Thursday, December 4, 2008

Lehrer in the City Room

Take a moment to read this excellent Q&A from Brian Lehrer, host of the 10am-12pm community/public affairs slot on WNYC. We might also note that it's significant in and of itself that Lehrer goes to lengths to make himself available in other forums like this -- a great promotional tool and a good way to enforce accountability to the listenership. He's an excellent ambassador for his station and his program.

His thoughts on the future of radio and podcasting are notable in particular:

Question:As a listener who catches up with your show by podcast later in the day or the next morning, my question is: Do you feel the future of radio programming such as yours is in podcasting? While your show often works on late breaking news and more immediate issues of the day, it has also proven to be quite valuable in the new forms of media which aren’t live, and therefore potentially lose timeliness. I wouldn’t be listening to your show in the first place if it wasn’t for traditional radio, but if not for podcasting I wouldn’t be able to continue listening, so considering that from a listener — how do you, as a host, reconcile your love of radio with the on-demand nature of the increasingly Internet-driven world?

— Posted by eric620

Answer:Eric, this is a huge question for the future of all radio shows. While old-line radio programmers compete for younger demographics, the real story is that many college students today aren’t choosing which local station to listen to. They simply don’t own radios. Poof, you’re history. Frankly, I don’t consider my program a radio show anymore. I think of it as a radio-based multiplatform interactive news and issue … media thing. If we come up with a short, cogent name for that, I’ll use it. Ideas welcome. But we use Twitter and Facebook and Flickr and YouTube in various ways in addition to the live radio stream and the podcast. Here, for example, is a video snippet of my interview with Felicia Pearson (Snoop from “The Wire”), which has drawn many thousands of hits on YouTube, gradually over time.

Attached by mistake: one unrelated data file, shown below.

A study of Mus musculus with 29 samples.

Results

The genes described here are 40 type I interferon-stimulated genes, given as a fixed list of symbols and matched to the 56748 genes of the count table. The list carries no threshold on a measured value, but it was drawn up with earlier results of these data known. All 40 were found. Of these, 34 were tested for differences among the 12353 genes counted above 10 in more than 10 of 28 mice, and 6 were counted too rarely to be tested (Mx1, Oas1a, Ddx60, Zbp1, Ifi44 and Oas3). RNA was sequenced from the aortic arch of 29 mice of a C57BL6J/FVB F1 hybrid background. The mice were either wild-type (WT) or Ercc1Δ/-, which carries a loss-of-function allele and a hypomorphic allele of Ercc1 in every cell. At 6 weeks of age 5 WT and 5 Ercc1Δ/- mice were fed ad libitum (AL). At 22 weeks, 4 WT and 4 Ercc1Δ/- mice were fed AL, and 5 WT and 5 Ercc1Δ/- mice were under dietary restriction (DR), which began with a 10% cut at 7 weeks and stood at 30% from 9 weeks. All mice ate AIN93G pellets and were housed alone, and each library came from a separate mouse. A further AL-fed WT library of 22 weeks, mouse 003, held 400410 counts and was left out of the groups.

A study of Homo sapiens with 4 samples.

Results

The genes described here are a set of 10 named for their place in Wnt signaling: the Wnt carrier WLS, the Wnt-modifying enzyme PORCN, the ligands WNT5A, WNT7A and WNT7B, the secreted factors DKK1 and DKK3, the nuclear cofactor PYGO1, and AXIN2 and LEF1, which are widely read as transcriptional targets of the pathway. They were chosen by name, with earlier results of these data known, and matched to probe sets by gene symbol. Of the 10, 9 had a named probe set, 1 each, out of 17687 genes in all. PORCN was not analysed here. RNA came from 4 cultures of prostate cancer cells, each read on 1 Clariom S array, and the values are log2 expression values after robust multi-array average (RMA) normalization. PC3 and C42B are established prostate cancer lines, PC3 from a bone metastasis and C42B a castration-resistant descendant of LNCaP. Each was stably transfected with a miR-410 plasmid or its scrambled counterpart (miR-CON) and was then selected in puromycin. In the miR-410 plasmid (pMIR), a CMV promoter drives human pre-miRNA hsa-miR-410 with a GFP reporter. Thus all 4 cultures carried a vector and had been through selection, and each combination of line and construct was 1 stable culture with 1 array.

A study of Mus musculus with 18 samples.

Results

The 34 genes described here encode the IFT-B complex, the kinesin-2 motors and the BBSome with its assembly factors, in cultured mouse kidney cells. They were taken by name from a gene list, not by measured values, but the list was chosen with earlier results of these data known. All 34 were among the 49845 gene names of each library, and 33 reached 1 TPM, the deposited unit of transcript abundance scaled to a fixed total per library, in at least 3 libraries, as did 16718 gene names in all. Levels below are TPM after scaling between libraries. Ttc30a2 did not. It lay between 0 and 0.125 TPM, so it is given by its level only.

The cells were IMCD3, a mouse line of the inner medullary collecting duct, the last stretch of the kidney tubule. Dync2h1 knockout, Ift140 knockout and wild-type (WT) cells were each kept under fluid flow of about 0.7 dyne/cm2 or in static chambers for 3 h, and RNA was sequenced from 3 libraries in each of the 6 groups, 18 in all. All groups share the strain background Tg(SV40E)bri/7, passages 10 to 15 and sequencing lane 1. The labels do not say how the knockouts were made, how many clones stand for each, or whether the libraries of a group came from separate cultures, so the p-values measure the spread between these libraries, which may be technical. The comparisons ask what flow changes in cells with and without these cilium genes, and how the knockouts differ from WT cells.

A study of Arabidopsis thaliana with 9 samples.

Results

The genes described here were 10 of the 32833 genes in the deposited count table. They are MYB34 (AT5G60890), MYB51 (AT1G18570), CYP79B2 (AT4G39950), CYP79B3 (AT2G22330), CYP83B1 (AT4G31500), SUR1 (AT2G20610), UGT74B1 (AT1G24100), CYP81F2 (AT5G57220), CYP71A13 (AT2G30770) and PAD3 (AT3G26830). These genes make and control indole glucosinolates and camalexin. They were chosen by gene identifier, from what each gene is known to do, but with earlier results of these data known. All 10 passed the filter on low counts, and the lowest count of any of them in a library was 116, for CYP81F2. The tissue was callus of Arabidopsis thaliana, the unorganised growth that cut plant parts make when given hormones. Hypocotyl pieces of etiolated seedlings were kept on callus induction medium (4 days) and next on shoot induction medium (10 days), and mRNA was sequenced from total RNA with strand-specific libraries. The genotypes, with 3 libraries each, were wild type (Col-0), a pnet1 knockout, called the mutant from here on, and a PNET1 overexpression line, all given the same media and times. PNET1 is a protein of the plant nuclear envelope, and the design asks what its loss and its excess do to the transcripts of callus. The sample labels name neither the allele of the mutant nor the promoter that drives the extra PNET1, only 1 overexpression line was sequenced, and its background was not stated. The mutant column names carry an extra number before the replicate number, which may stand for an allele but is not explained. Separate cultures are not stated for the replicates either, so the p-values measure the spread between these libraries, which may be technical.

Like many shows today, we are improvising our way through the changing balance between real time and time-shifted listening. We seek to serve both real time and time-shifted audiences the best we can. The bottom line, though, is that we are a live show in the middle of business hours, and we never sacrifice live, real-time programming. The podcast is divided into separate files for each segment of the show. So downloaders can choose to ignore the dated ones and listen to the ones that hold up. In the future, we may slice the podcast in different ways and offer podcast streams by topic in addition to date, but so far that has felt too artificial.

A larger issue is that I don’t know where it will all wind up. But I’ll say I think this two-way street (really a three-way street: me-to-you, you-to-me, you-to-you) is very good for democracy — much better than any media model we have had before. I do not pine for any golden days of broadcasting, which, in the context of news and democracy, I don’t think ever existed in the first place.

1 comment:

camdiggidy said...

Full disclosure: I listen to Brian Lehrer almost every day.

I think the part of his answer that's most telling is when he says he doesn't consider his show "just" a radio program, but as "a radio-based multiplatform interactive news and issue … media thing."

I think this type of approach (and the fact that Lehrer, despite his insane schedule, still makes himself available and accountable to listeners--I think his answering questions on the blog personally is huge) can be really instructive for the station, and for this and future classes based around it. I think it's important to remember that what makes a show and the station of which it is a part fully function is the engagement of its staff on every level, not just when the particular show they work on is on the air. (When I worked in public radio in San Francisco, during pledge drives, Listener Services would regularly get on the PA and remind the entire office to get to the phone room during their shift and get to work!) I think it's important to stay engaged in this way, because the listening public can really hear the difference, and will feel the commitment of the station as a whole through the programming.